Professor Erica Fletcher heads the Visual Neuroscience Laboratory in the Department of Anatomy and Neuroscience at The University of Melbourne. She is a clinically trained optometrist who holds both MSc and PhD degrees. In 1996, Professor Fletcher was awarded a highly coveted, CJ Martin Award from the NH&MRC to undertake her post-doctoral training with Prof. Dr. Heinz Wässle, at the Max-Planck Institute for Brain Research in Frankfurt, Germany. In 2006 she was awarded the Irvin M and Beatrice Borish Award from the American Academy of Optometry for her contribution to vision research.
Professor Fletcher was awarded a Macular Disease Foundation Australia Research Grant for $180,000 over two years.
Her research, titled ‘Targeting monocyte phagocytosis to reduce progression of age-related macular degeneration’ is a collaboration between The University of Melbourne and Centre for Eye Research Australia.
This project builds on Prof Fletcher's previous research funded by the Foundation which showed that the failure of certain immune cells (monocytes) to remove the accumulation of waste products (drusen) under the retina in a process called phagocytosis may be a major contributor to the development of early and dry AMD. Professor Fletcher will firstly examine whether measuring the phagocytic function of these cells can be used as a diagnostic blood test to identify people at greatest risk of disease progression. Secondly, she will test a number of new proteins to see if they can improve the ability of monocytes to remove the waste products, as potential treatments to slow or stop disease development.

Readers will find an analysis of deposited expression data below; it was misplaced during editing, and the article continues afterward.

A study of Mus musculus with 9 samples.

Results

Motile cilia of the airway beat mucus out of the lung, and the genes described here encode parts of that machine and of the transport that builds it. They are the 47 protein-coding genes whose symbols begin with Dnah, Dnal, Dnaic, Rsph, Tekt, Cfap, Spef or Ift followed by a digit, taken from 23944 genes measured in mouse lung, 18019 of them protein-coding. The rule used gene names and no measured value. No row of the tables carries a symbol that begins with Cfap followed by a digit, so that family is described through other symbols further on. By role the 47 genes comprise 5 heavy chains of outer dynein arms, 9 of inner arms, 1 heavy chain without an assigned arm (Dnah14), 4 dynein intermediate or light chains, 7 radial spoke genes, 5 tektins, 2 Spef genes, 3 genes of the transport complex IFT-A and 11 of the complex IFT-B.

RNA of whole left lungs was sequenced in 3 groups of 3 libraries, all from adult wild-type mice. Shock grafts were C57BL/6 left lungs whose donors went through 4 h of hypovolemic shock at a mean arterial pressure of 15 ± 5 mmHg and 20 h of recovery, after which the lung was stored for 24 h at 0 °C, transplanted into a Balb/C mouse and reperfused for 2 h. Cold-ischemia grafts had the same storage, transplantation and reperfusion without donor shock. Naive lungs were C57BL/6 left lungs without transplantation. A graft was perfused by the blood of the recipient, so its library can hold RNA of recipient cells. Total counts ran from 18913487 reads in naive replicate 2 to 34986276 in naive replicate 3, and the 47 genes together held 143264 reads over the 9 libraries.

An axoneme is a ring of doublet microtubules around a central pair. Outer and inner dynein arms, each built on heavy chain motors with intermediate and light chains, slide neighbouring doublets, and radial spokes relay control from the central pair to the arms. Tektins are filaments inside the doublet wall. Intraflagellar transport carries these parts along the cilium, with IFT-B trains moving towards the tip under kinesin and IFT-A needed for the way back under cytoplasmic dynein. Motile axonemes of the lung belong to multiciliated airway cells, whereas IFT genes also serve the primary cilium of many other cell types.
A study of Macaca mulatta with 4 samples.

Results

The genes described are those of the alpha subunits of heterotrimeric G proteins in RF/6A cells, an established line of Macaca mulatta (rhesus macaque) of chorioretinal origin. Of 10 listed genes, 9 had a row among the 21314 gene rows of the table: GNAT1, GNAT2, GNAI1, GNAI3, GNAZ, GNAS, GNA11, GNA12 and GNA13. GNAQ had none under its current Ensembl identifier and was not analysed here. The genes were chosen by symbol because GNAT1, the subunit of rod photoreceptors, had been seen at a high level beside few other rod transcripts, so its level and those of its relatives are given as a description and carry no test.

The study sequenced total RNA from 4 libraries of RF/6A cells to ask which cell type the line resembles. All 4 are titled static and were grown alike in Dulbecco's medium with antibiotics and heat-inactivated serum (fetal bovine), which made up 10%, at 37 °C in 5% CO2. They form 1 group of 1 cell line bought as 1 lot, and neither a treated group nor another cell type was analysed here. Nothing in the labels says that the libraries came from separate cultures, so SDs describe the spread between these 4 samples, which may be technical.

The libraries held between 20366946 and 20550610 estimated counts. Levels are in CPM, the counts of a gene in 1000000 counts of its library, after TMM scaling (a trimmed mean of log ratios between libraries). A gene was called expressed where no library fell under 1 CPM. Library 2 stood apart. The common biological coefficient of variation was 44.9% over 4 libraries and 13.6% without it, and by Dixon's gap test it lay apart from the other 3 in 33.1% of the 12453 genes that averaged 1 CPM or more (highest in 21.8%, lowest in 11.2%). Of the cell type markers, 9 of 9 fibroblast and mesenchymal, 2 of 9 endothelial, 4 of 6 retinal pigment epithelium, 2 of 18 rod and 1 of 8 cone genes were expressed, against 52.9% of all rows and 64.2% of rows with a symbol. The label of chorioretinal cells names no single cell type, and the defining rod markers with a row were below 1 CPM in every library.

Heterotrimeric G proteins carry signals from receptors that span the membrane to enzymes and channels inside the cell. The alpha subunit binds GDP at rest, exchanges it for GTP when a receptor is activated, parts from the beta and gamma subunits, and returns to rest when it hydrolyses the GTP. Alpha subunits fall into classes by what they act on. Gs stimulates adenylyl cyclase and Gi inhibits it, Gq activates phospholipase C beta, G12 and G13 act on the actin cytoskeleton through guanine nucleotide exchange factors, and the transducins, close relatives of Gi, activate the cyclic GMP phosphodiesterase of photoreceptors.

2013 Macular Disease Foundation Research Grant
On 10 October 2013 Macular Disease Foundation Australia awarded then - Associate Professor Fletcher a research grant to support her research into how the removal of debris in the eyes changes as we age. This research was a step towards identifying early markers for those people with a high risk of disease progression. The information gained from this project is crucial for developing new treatments for macular degeneration.
The aim of the project was to examine a possible cause for the development and progression of early age-related macular degeneration. In particular, whether signalling of immune cells via receptors called purinergic receptors influenced the removal of debris as we age, predisposing people to the disease and also its progression.
Professor Fletcher’s project examined the role of genetic variations that affect the role of a group of compounds called purines in the early development of macular degeneration. The key findings from her research include the potential to develop a new treatment for dry age-related macular degeneration.